How much insulin is my pancreas actually making?
Ever wonder how clinicians distinguish between type 1 and type 2 diabetes? Though I view the different types of diabetes as more of a sliding spectrum, clinicians are required to diagnose patients as type 1 OR type 2 based on set criteria. Insurance payers then use the established diagnosis to decide what technology and medications they will or will not cover. Yeah...it makes me mad too.
So, what is this criteria?
The easiest way to distinguish between diabetes types is through fasting blood work, specifically the “fasting c-peptide”. This test is a useful marker for insulin production because c-peptide and insulin typically circulate the blood in equal amounts. Because c-peptide is much easier to measure, we can use it to find out how much endogenous insulin is being produced. Normal fasting c-peptide levels fall between 0.8-3.85 ng/mL. Fasting c-peptide levels must be taken with a fasting plasma glucose level to help determine if the beta cells are responding appropriately to the amount of glucose circulating.
When might a c-peptide be low?
Type 1 diabetes. Why? An autoimmune process resulting in beta cell death. These beta cells can no longer produce insulin. Low or no insulin = no or low c-peptide.
Type 2 diabetes. Why? It is progressive. Long standing type 2 diabetes, extreme insulin resistance, and prolonged hyperglycemia will eventually “burn out” the pancreas’ beta cells. When this occurs, diagnosis’ are often changed to type 1 diabetes because these patients need to be treated as type 1’s. Many benefit from insulin pumps, cgms, etc. and unfortunately, these are not well covered under a type 2 diagnosis. In fact, many insurance companies request proof of low endogenous insulin production with a fasting c-peptide of <1.0ng/mL with a fasting plasma glucose of <225mg/dL. Side note: this means that a patient who is maxed out on their oral anti-DM agents and requires multiple daily injections will not qualify for a pump if their c-peptide is >1.0ng/mL or if their BG > 225mg/dL at the time of measure. No, they don’t care if the BG is 400mg/dL and the c-peptide is 1.1ng/mL showing an obvious lack of insulin production. How does that make any sense?
Low blood glucose. This is why a fasting glucose measurement (taken at the same time as the c-peptide is measured) is so important. Someone with low blood glucose SHOULD be producing very little insulin, hence the low c-peptide. In case you’re wondering, no, insurance companies do not have a cut off for low plasma glucose taken with the c-peptide. Technically, a patient without diabetes could have a fasting plasma glucose of 65mg/dL and a c-peptide of 0.9ng/mL and they would qualify for a pump before my type 2 patient mentioned above. It’s normal physiology, people! We need to look at each person individually.
When might a c-peptide be high?
Newly diagnosed type 2 diabetes. Why? The root of type 2 diabetes is insulin resistance. In the beginning stages of type 2, the body is often working to compensate for this insulin resistance by producing extra insulin. If this occurs for too long, it will often lead to pancreatic burnout, as I mentioned above.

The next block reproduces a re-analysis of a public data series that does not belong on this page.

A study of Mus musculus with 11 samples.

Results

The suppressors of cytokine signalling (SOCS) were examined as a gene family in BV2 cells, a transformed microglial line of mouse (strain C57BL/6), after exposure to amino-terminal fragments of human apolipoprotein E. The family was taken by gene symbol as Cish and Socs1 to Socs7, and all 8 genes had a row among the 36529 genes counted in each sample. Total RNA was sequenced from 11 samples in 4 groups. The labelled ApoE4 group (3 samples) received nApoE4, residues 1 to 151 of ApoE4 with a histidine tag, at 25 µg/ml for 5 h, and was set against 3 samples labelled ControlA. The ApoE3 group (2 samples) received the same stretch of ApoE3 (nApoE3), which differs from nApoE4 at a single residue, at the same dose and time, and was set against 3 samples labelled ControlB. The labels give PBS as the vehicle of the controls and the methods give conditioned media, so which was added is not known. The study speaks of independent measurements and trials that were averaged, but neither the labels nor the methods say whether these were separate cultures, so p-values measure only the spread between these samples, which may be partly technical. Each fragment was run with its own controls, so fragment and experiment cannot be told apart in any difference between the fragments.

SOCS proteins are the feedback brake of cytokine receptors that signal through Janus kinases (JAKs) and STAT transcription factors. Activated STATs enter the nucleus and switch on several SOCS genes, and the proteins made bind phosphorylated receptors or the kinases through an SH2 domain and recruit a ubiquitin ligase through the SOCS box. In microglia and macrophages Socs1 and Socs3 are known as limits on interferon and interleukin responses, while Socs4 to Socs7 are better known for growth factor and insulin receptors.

Obesity. Excess weight leads to insulin resistance and elevated c-peptide levels.
Kidney disease. Why? C-peptide is removed by the kidneys and when the kidneys are damaged, c-peptide may build up in the blood.
Insulinoma. A very rare insulin producing tumor in the pancreas.
Long term corticosteroid use. This can lead to insulin resistance, elevated c-peptide levels, and an increased risk for diabetes.
When might a c-peptide be normal?
In people without diabetes or insulin resistance. Obviously.
Type 1 diabetes. Why? Honeymooning. People with type 1 diabetes may be diagnosed before complete beta cell failure. During this time, some of the beta cells continue to produce insulin. This can last from months to years depending on the person’s auto-immune processes.
Latent autoimmune diabetes in adults (LADA). Why? These people have one or more autoimmune markers for diabetes (autoimmune diabetes=type 1). Unfortunately, they are often misdiagnosed with type 2 diabetes because they present as adults. Can we all just agree that type 1’s can present in adults and type 2’s can present in kids? Thanks.... According to the ADA, LADA is, in fact, type 1 and should be treated that way. Though the progression to complete beta cell failure is usually slower, complete beta cell failure is inevitable.
Ultimately, the c-peptide test can be very helpful in guiding clinicians and patients in their treatment choices. The problem is in the fact that non-medical/insurance providers are making decisions for us based on a checklist. We are not a list of criteria and we shouldn’t have to “prove” ourselves to qualify for the best technology.
Fewf...I’m done now...as you all can tell I’ve had some frustrating run-ins with insurance companies lately. I have all of the reps on speed dial and the amount of time I spend fighting with insurance and distributors makes me want to quit my job and move here #tahiti ... But then I remember how much I love my patients...so, there’s that.